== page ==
Speaker of the House Nancy Pelosi has suggested dire results if the Democrats can’t get $1 trillion dollars to bail out mostly blue states that have had financial setbacks because of the pandemic.

She called the Republican “skinny bill” on COVID-19 relief “big assault on the well-being of our country” and a “a mini-mouse little proposal.” The Republican bill didn’t pass, and it is unlikely that the Democrats will get that trillion any time soon. (A Democratic Senate would pass the Democrat bill and bail out the states.)

What draconian cuts will affected states have to make?

Eric Boehm of Reason surveys the carnage:

Without that aid on the horizon, some are warning of budgetary catastrophes. The New York Times warned this week of a “dire fiscal crisis” facing some states, declaring in the first paragraph that “Alaska chopped resources for public broadcasting” and that “New York City gutted a nascent composting program that could have kept tons of food waste out of landfills.” Many states have canceled planned pay raises for teachers and other public officials too, the Times notes.

Hey, wait a minute—this doesn’t sound like the end of the world. And Boehm says it is not:  

That doesn’t sound like a crisis. It sounds like states are recognizing that falling tax revenue means they will be unable to spend as much as they’d originally planned in the next year or two. In other words, they are doing the important work of budgeting and setting priorities—work that Congress, with its nearly unlimited credit card, refuses to do.

Estimates for the state and local shortfalls vary. An American Enterprise Institute put it at around $240 billion, when state and local governments are combined. These is still a lot of money—though not nearly a trillion. According to Boehm, the situation is serious but not catastrophic:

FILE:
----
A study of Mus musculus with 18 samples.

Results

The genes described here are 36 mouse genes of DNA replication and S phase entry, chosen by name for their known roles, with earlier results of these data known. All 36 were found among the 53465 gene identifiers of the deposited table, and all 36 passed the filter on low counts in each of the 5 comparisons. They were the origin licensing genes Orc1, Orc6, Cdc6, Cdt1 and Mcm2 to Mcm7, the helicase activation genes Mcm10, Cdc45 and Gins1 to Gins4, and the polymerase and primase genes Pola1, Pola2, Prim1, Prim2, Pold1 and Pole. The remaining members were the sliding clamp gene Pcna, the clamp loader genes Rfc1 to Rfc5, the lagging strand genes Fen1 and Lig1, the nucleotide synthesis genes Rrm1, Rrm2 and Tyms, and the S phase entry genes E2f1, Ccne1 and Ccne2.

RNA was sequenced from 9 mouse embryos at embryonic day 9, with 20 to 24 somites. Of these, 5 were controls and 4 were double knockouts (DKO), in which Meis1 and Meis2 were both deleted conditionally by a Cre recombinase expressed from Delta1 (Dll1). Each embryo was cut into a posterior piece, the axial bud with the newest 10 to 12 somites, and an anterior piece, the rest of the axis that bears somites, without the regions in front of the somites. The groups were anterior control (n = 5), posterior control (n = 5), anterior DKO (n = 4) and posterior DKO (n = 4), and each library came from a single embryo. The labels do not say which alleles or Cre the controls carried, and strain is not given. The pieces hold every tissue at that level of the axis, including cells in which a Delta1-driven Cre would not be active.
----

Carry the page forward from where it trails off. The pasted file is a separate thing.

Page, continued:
High unemployment means that state revenue might take a few years to recover, and “many governors and their administrations have directed agencies to develop contingency plans to reduce their budgets, for fiscal year 2021 and/or fiscal year 2022, by as much as 15 or 20 percent,” NASBO reports.

That seems like a prudent thing to do. It is exactly the sort of thing that policy makers should be doing in the face of a public health crisis and economic downturn: reevaluating budgets to prioritize the important things and cutting where possible.

Budget shortfalls can also push state officials to get creative by doing things they probably should have done a while ago. New Mexico and Pennsylvania, for example, are considering legalizing recreational marijuana, so they can tax it to refill their coffers.

“The states face budget challenges, but the situation in most places is not ‘dire,'” writes Chris Edwards, director of tax policy for the Cato Institue, a libertarian think tank. “State officials can solve budget gaps without further federal aid by tapping rainy day funds, freezing hiring and wages, and improving program efficiencies.”

There is little indication, even in the most pessimistic of scenarios, that states need a $1 trillion bailout from the cash-strapped federal government. And a bailout would create a moral hazard, giving states less incentive to address their own budgetary problems in the future.

Deliberately or not, Congress seems to be letting the states figure this out on their own. That’s just fine.

The pandemic has been one of the worst experiences in our history. Maybe some of the suffering can be redeemed if it prods states and localities to get their financial houses in order.